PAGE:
The Border Terrier originates from England and Scotland. Border Terriers were bred to help farmers keep foxes and other predators off of their lands. While the Border Terrier is a relatively small dog, their speed and stamina are great. Border Terriers can be both indoor or outdoor dogs. These dogs are known for their agility, tracking, tricks and ability to be a "watchdog" by barking. Border Terriers come in tan, blue and tan, red, and grizzle and tan.
- As with any new dog, you should take your pet to the veterinarian to be vaccinated. Booster shots should be followed up, as well as flea and tick control. When you are visiting your vet, you should discuss conditions or diseases which Border Terriers can develop. These include autoimmune problems, hypothyroidism, heart murmurs, Legg-Perthes, patellar luxation, Spike's Disease and seizures.
- Border Terriers get bored with repetition. You should start training your pup early and keep in mind that they are easily distracted. Food treats work well with this breed. Border Terriers are quick learners, and with some patience and a sense of humor, training can be completed.
- When they are pups, Border Terriers should be socialized into a family that has children. While Border Terriers make good playmates and can fit into most any lifestyle, if they are not introduced to children while they are pups, they could easily become intimidated. Likewise, Border Terriers can be fearful of loud noises and may bark. You should try to acclimate your dog to noise early on in his life.
- If you plan to have your Border Terrier as an outside dog, you should provide a fenced area for him. Keep in mind that Border Terriers like to dig, so be sure to reinforce your fence with concrete or a hedge.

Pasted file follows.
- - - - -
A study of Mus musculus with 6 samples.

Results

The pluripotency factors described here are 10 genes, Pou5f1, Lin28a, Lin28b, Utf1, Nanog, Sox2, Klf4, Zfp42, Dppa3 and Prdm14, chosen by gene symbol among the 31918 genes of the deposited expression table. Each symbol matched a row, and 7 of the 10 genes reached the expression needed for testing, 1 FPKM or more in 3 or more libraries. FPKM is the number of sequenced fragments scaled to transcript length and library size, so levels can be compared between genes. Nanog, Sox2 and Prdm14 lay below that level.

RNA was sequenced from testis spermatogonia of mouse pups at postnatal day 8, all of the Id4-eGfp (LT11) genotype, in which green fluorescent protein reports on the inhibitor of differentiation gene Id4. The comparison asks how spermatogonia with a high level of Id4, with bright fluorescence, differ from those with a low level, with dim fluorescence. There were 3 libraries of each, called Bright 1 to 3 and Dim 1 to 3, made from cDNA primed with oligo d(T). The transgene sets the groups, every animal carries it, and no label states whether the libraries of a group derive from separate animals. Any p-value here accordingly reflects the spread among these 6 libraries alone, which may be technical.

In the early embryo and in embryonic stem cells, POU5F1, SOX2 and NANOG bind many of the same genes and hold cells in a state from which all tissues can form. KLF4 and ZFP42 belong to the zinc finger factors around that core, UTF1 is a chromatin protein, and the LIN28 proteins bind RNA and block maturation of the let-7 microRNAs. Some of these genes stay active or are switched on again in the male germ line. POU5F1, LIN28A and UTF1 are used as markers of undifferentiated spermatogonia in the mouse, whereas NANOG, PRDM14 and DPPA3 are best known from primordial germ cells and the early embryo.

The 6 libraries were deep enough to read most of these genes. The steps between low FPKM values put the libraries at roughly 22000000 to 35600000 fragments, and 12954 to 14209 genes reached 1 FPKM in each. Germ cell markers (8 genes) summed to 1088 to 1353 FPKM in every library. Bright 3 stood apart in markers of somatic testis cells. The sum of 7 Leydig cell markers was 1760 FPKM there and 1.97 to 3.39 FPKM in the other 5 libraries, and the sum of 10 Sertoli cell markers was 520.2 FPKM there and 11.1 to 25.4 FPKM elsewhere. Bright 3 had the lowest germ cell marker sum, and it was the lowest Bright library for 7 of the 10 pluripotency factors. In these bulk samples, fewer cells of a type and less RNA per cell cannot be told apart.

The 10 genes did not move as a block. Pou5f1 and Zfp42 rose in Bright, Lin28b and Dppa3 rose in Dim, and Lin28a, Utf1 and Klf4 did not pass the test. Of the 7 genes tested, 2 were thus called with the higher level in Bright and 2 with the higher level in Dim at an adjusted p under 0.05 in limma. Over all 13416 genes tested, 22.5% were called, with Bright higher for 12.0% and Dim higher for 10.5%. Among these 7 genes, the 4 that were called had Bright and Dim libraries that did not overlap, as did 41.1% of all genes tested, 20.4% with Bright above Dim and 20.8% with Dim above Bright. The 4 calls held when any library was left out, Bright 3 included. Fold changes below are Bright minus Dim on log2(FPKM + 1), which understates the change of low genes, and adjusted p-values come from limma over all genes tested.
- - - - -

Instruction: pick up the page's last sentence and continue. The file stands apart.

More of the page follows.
- Border Terriers will generally interact well with other canines. However, you should not trust this breed with a pet rabbit, hamster, bird or other small creatures. Border Terriers will get along well with a family cat that is in the home. However, stray cats or your neighbors' cats may soon learn that your dog is not their friend. Border Terriers are notorious for chasing small creatures and any moving objects. This is another reason you should keep your Border fenced in a yard.
- When it comes to grooming, less is more. The more "natural" your Border Terrier appears the better. This breed is not one to be fussed with like a poodle--with ribbons, bows and painted nails. Only give your Border a bath when needed. This breed very rarely sheds. However, you should brush their coat weekly. Every six months your Border Terrier should be taken to the groomers.
- Border Terriers love to eat. You should avoid feeding them people food. If you have a soft spot for your dog, you can feed him or her low-calorie vegetables on occasion.
- Border Terriers were bred to be hunters and they need regular exercise. While Borders may be happy to lead an inactive lifestyle indoors, if they are not allowed to exert their stamina through running and playing, you will have an unhappy dog. Border Terriers can also be stubborn. If you keep them indoors for weeks on end and then allow them to go outside, they may run away from you and refuse to obey your command to return.